Unfortunately, not much is understood still about chronic traumatic encephalopathy (CTE). However, we do know that it has been linked to repeated head trauma or head injury, such as that experienced in certain sports or military service. But could CTE also result from other avenues, such as stunt work? According to Safety and Health Magazine, Professor Jeff Russell, alongside a research team from Boston University’s Chronic Traumatic Encephalopathy Center, are working to make this determination.
An estimated 80% of stunt workers have experienced at least one instance (if not more) of serious head trauma during their work. As a result, researchers wonder whether stunt work could correlate with CTE and neurodegeneration. Typically, CTE is not diagnosed until after death; a post-mortem examination is able to provide more insight. However, through this study, the researchers hope to find a way to diagnose this condition in performers who are still living. They believe that this could not only improve quality-of-life, but potentially find an avenue for treatment.
To begin their study, though, researchers will first examine and analyze donated brains from deceased individuals. Through this analysis, they will search for any signs of chronic traumatic encephalopathy, and will move forward from there. Whether or not the research team will be able to delineate ways to treat or better prevent chronic traumatic encephalopathy is yet to be seen. However, finding an avenue for living treatment could have wide-ranging implications in many different fields.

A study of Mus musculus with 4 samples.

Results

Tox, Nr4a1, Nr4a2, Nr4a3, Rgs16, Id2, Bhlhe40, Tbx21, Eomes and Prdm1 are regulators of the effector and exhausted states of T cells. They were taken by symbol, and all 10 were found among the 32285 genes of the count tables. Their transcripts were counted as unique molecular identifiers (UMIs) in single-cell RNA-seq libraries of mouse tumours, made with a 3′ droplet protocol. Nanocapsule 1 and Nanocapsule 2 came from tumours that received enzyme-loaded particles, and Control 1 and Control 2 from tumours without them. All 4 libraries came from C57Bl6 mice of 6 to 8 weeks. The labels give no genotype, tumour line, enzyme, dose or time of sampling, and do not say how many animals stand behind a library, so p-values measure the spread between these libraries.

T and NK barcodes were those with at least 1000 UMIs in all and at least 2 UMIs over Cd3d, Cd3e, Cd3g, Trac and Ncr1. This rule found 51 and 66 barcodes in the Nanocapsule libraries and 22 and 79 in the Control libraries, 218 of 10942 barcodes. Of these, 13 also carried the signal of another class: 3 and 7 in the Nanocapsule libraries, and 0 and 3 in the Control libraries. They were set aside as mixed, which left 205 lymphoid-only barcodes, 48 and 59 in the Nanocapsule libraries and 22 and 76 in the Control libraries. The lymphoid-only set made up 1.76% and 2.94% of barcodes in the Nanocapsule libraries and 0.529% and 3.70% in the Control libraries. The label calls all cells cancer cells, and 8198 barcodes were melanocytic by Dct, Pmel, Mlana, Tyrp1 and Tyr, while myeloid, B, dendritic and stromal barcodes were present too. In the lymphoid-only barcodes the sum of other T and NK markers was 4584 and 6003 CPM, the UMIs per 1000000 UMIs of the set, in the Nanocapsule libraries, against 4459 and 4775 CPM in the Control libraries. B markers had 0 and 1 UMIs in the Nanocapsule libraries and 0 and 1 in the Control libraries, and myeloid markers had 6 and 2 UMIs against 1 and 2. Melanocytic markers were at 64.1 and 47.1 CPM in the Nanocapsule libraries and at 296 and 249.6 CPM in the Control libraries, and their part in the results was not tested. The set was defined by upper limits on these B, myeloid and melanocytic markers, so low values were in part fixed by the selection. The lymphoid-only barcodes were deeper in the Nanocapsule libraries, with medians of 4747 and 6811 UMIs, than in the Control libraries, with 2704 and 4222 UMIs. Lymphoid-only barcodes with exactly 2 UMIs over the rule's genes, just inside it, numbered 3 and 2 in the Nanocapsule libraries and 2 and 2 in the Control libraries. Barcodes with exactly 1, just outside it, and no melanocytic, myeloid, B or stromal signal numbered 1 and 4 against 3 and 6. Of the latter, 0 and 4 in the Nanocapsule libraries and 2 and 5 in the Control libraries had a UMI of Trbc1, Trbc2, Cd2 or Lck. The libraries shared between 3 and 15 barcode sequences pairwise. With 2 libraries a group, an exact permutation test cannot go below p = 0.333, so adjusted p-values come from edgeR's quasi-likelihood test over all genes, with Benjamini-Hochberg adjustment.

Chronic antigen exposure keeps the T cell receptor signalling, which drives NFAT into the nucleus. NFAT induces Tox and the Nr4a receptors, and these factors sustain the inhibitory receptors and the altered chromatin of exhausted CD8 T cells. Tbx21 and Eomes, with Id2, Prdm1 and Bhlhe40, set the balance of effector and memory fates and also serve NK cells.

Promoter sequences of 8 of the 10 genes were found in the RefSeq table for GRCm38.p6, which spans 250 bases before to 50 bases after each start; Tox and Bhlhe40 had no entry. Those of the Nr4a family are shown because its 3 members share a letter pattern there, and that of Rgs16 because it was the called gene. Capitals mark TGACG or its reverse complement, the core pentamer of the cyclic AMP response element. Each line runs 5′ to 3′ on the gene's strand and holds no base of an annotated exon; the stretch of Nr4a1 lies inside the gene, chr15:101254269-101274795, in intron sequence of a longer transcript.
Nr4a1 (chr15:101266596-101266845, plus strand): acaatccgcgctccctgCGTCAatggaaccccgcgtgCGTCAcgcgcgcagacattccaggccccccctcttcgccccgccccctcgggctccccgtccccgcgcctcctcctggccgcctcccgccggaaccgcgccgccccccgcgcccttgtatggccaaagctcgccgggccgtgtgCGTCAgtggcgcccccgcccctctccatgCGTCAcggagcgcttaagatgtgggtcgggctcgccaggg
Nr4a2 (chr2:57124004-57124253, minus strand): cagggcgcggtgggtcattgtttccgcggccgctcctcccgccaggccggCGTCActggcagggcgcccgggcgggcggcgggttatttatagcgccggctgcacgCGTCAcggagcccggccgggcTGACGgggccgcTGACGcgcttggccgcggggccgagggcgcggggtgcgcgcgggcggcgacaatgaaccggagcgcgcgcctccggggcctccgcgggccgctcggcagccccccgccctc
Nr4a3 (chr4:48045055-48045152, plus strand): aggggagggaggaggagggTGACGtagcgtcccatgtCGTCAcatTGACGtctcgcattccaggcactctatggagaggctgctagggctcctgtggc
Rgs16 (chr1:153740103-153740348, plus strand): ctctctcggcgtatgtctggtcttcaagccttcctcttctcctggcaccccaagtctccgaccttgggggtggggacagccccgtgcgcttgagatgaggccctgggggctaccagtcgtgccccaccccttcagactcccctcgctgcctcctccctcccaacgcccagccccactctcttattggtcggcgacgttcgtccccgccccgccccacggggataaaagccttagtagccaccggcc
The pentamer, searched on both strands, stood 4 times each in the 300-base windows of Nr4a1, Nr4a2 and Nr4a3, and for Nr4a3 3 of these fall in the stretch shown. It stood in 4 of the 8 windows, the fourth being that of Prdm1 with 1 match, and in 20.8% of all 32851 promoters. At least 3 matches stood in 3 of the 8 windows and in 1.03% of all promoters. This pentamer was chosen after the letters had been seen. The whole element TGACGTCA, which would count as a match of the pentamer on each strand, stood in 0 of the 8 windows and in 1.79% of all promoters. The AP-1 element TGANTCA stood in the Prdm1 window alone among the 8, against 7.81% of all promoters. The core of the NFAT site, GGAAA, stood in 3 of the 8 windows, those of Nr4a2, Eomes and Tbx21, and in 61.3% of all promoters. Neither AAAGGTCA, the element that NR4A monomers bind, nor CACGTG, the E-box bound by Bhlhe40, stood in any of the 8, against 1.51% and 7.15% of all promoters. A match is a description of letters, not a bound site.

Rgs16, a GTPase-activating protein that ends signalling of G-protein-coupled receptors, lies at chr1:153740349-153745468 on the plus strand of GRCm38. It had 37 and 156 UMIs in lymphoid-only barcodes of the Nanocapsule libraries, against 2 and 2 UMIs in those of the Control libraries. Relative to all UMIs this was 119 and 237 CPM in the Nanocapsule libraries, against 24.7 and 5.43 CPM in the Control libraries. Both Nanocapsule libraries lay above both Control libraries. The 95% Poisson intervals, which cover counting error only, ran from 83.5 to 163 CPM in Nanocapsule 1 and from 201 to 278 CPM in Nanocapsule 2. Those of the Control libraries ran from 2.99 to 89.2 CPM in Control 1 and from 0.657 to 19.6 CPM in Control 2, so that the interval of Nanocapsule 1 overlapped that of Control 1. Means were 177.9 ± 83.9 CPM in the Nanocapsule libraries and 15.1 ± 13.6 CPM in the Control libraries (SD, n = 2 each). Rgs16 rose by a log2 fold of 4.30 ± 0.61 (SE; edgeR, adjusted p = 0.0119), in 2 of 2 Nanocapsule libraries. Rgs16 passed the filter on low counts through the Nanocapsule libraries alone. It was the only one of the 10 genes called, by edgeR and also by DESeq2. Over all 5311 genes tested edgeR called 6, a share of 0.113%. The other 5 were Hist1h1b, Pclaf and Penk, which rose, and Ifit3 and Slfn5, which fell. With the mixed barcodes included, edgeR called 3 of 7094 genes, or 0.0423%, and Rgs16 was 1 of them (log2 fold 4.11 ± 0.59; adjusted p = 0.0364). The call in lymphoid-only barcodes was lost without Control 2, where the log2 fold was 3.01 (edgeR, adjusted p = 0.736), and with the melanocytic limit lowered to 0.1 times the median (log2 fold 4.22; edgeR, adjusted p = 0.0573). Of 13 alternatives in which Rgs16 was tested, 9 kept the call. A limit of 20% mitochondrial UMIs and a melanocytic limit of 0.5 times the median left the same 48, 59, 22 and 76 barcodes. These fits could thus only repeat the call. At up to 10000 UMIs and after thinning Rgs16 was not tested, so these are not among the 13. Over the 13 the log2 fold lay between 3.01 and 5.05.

You can learn more about the stunt profession or being a stunt performer in this Backstage article from Gregg Sargeant.
What is Chronic Traumatic Encephalopathy (CTE)?
Chronic traumatic encephalopathy (CTE) is a neurodegenerative condition which worsens (progresses) over time. Some signs or characteristics associated with CTE can include progressive dementia, memory loss, poor balance and motor skills, changes in mood, behavior, and personality, and difficulty with organizing thoughts. Learn more about chronic traumatic encephalopathy through this helpful FAQ section from Boston University.